On a warm, windy day in late March last year, Joe Bragg and David Harrison got in a little spring training at Clinton Lake.
The main event that many Kansans look forward to –the crappie spawn—wouldn’t take place for several weeks. But the popular panfish provided a sneak peak of what was to come.
Looking at the LiveScope at the bow of his boat, Bragg pointed out a big swimming mark on his screen and instructed Harrison to drop his plastic grub to the fish.
When Harrison put it right in front of the crappie, his rod bowed sharply and he knew he had a big fish.
“That’s a tank,” said Bragg, who runs the Thump Thirty Guide Service.
Seconds later, a scale confirmed that the fat fish weighed 1.91 pounds—Harrison’s personal best and proof that eastern Kansas holds some trophy crappies.
Each year, Bragg follows the speckled panfish from their winter haunts to the spring spawning sites in the shallows, where they are the most accessible to the common angler.
In late April and May, the crappies will move en masse to the brushy shallows and they will be met by thousands of fishermen across Kansas fishing either from the bank or in boats.
It doesn’t take an expensive boat, high-dollar electronics or the latest tackle to find the fish and catch them. Spring is everyman’s season for crappie fishermen.
But to maximize your success, it pays to understand how the spawn operates, Bragg said.
The pre-spawn period often starts when the water temperature warms into the low 40s. The shad move from their deep winter haunts onto the shallow flats, and the crappies will follow them there to feed up for the spawn.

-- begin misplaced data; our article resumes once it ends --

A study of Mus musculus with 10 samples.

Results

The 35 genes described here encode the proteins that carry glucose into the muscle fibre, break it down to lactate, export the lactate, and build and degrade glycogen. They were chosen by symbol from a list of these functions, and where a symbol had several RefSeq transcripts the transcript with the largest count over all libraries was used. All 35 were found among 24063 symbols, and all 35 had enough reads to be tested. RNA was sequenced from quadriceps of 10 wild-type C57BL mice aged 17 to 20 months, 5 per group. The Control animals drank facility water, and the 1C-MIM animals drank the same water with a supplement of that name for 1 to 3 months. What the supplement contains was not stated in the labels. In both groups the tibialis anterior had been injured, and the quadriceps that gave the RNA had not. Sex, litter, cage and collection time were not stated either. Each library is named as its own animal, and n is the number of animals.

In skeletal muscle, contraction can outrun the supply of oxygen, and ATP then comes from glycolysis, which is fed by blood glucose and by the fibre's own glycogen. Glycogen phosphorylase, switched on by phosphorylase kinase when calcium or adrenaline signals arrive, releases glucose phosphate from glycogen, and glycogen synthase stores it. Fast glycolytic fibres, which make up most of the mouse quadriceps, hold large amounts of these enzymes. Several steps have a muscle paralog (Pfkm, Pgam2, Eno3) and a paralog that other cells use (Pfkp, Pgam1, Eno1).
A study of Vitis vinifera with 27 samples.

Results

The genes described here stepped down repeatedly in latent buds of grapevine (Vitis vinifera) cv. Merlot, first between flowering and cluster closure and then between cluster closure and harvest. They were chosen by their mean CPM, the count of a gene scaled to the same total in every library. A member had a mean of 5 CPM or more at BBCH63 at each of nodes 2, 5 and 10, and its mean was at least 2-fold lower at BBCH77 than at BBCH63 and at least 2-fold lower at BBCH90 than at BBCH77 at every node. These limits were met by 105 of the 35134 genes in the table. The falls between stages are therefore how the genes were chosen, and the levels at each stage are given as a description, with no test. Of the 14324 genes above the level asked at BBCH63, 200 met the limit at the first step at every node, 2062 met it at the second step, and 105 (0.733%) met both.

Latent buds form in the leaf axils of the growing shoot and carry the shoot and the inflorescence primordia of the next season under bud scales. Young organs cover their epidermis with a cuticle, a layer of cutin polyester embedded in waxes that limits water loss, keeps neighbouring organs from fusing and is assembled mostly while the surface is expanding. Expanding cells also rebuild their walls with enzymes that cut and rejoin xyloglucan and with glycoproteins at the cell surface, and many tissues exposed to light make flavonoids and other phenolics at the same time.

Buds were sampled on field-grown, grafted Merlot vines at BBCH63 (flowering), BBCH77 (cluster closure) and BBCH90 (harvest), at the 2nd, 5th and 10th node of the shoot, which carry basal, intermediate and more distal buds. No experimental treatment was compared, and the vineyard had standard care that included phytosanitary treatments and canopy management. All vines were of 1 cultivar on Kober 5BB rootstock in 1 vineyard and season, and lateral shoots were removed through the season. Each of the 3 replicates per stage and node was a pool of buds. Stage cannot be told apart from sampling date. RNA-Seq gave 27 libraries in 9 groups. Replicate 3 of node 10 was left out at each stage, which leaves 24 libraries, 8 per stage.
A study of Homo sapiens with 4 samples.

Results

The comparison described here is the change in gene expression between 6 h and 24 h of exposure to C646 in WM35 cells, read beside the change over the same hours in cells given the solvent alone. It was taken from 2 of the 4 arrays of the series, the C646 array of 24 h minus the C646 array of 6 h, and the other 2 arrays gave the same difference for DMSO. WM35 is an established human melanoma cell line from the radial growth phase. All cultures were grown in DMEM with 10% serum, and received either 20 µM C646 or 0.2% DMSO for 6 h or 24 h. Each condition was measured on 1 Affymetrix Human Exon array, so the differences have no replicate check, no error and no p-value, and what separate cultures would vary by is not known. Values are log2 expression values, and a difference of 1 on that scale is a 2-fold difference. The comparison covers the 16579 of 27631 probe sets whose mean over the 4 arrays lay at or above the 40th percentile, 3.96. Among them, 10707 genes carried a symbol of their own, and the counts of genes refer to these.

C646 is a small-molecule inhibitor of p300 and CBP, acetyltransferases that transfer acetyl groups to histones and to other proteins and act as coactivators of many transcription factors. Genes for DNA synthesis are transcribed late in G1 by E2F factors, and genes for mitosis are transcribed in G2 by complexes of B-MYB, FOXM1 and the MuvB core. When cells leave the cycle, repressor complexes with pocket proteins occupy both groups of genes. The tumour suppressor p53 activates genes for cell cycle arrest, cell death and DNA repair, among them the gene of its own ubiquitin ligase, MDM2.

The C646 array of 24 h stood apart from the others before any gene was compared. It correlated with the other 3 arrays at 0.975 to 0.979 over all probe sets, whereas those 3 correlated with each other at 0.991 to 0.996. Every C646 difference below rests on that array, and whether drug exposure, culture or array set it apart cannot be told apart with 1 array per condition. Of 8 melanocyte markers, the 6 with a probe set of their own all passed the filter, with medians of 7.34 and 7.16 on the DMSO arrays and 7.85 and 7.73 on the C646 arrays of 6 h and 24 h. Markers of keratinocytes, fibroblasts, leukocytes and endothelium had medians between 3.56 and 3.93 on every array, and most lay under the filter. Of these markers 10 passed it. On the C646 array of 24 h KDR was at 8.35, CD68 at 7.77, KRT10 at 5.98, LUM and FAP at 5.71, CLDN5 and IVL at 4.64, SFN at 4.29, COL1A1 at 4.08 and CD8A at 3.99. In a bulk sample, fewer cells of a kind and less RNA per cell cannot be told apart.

Because the females are heavy with eggs and the baitfish they are feeding on, some of the biggest crappies of the year can be caught during that phase.
They can be surprisingly shallow—sometimes in less than 5 feet of water.
As the water temperature warms into the mid-50s, spawning activity begins. The males will move to the banks first to build the nests. They can be recognized by their dark spawning colors.
The females will join them in the shallows to spawn but won’t stay there long. In fact, the females often hang in brush just out from the places where the males are building the bests, waiting for the right time to move in.
“The first full moon after 13 hours of daylight is when they’ll spawn,” Bragg said.
A week to 10 days before that, the males will be in, building the nests. That time period often translates to the last part of April to mid-May in Kansas. Bragg often searches for coves with brush or willow thickets in the back of pockets. Rock or gravel banks can be productive. And transition banks—say, where a mud bank transitions into rock or gravel—also can attract spawning crappies.
Bragg keys on north banks, which warm up first. Timing is everything. The best fishing can last only 10 days in one part of the reservoir. Luckily, the crappies in a reservoir don’t all spawn at the same time. The upper end of a reservoir turns on first, It may be more than week later that the crappie spawn heats up at the dam end.
That stretches out the best shallow fishing and often gives fishermen up to a month of good action.
In eastern Kansas, Clinton, Perry, Council Grove, Pomona, Melvern, and Hillsdale all have outstanding crappie populations and can produce great spring fishing.
“Kansas fishermen have lots of options,” Bragg said. “A lot of our reservoirs have strong crappie populations.
“High water and the weather can throw things off. But as long as conditions are right, we’ll see a lot of crappies caught this spring.”